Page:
5 Conversation Starters for Your Next Networking Event
Some people enjoy networking. Really! But for others, networking falls into the category of necessary evil. You might dread the experience, but once you arrive, it’s not that bad—and it has the potential to bring great rewards. Like anything else, networking is a skill you can develop with practice. Keep these five conversation starters in your back pocket for your next networking event, and you’ll see your comfort level (and your connections!) soar.
“I went to State…I see you did, too! What year did you graduate?”
When you’re introduced to a new contact, notice personal details, such as class rings, that might serve as an icebreaker. The first rule of networking is that people love to talk about themselves. After all, it’s the subject they know best. If you give them an opportunity to do so, they’ll feel good about themselves and—by osmosis—about you.
“How long have you been in D.C.? What brought you here?”
A location-related question can yield low-hanging fruit. This type of open-ended question will reveal additional background information on which you can connect. It also naturally leads to questions about what part of town they live in, what restaurants they like, shared mutual acquaintances, etc.
“I’m new in town…any recommendations for me?”
Not only do people enjoy talking about themselves, they also enjoy being perceived an expert. Ask for advice on restaurants, doctors, hiking trails, etc. If they recommend a favorite coffee shop, perhaps you can follow up by arranging to meet them there for coffee.
“I love your tie/handbag/necklace/etc. Where did you get it?”
Compliments are a guaranteed icebreaker. After all, the recipient is socially compelled to respond positively, and you can continue the conversation with a follow-up question. This is easy to do if the item was purchased at a unique location, such as a market in Morocco, but even if it came from Target, it’s easy to make conversation. (“I can’t get out of there without dropping $50 on things I never knew I needed.” See how easy it is to connect?)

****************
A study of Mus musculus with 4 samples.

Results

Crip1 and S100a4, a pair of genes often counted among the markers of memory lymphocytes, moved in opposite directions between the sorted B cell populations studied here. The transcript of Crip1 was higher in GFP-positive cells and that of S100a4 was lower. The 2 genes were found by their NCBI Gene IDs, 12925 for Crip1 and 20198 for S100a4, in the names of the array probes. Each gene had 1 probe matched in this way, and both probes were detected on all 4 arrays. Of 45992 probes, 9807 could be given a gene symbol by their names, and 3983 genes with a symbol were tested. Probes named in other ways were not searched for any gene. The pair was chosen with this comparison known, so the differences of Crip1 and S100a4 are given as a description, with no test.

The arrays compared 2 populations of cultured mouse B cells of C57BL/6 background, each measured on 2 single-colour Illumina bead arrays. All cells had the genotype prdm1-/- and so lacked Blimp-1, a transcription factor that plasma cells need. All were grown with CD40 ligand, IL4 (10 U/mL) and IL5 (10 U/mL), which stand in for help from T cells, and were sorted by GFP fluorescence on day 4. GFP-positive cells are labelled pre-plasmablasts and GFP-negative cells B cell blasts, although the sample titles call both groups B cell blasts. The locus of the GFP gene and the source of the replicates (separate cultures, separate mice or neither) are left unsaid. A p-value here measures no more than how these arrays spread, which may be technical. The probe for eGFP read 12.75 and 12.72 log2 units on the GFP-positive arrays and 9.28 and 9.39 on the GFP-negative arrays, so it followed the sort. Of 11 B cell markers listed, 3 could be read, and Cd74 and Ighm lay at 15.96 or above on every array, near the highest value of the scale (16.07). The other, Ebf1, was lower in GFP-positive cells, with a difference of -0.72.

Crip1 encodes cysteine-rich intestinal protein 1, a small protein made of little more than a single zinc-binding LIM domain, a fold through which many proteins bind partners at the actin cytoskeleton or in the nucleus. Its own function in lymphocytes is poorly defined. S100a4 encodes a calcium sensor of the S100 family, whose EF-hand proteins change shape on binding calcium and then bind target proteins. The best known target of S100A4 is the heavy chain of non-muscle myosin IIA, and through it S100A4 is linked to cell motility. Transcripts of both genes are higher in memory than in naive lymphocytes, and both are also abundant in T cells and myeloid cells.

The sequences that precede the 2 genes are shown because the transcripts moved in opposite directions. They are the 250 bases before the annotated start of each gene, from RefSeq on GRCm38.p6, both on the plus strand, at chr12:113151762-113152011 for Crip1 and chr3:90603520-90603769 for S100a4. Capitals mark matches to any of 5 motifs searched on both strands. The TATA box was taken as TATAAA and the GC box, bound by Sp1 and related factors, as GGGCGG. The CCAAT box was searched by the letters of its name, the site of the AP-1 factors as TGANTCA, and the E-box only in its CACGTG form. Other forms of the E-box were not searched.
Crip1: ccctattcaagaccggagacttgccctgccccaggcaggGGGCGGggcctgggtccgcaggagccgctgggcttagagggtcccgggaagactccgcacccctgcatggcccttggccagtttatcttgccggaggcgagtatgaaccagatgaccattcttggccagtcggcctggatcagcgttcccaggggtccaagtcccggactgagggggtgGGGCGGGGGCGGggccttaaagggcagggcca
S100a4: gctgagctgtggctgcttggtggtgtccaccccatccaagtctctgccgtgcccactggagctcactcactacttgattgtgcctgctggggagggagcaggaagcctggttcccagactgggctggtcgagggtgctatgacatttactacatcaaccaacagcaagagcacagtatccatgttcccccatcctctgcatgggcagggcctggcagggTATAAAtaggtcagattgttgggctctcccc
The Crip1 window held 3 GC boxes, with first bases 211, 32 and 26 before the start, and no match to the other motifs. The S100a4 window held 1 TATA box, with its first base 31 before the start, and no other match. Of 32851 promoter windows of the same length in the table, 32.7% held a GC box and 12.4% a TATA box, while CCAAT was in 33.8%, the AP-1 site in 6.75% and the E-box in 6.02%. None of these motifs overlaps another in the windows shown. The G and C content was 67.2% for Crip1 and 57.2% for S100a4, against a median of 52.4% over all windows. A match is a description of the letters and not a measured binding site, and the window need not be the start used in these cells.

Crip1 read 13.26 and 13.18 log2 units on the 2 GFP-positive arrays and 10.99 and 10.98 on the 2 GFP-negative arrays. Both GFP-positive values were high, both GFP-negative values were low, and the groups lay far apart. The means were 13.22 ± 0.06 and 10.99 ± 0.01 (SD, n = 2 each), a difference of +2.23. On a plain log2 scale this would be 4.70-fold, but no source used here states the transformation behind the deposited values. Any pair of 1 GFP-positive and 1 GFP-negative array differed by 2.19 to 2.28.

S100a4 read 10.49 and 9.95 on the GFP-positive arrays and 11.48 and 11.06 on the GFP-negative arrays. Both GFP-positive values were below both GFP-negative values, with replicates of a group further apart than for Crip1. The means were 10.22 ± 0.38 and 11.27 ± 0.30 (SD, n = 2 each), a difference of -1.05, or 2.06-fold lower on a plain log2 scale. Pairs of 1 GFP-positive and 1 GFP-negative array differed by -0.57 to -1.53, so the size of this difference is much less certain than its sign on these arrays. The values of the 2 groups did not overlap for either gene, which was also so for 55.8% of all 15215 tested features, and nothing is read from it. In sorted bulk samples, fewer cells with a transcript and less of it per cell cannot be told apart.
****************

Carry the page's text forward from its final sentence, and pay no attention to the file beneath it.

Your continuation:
“What do you love about your line of work?”
People love this question. It’s positive, and sometimes, it will give them pause to consider what they value most. The response will elicit not only interesting information for you but also a myriad of follow-ups: How did you get into this industry? What advice would you give someone considering this career? What professional organizations are you involved in? On paper, it might sound like an interview, but with a glass of wine and an appetizer in hand, the atmosphere will be relaxed.
The key is to keep your networking conversation starters open-ended, positive, and personal but not too personal. Keep things light and breezy. If your new connection isn’t taking the bait, move on. You can always make a quick trip to the buffet table or the restroom to break away and move on. You’ll know in your gut whether the interaction is going well or awkwardly.
Once you’ve invested the networking time, be sure to follow up with your new contacts. Connect with them on LinkedIn, or shoot them a quick “so nice to meet you” email. Bonus points if you can follow up with a resource you discussed during your conversation. (“Here’s the link to that article I mentioned—hope it’s helpful!”)
Love it or hate it, networking is a critical professional skill to develop. It’s easier to hang out with people you already know, but that won’t open any new doors. You never know whom you will meet—and which job openings they need to fill.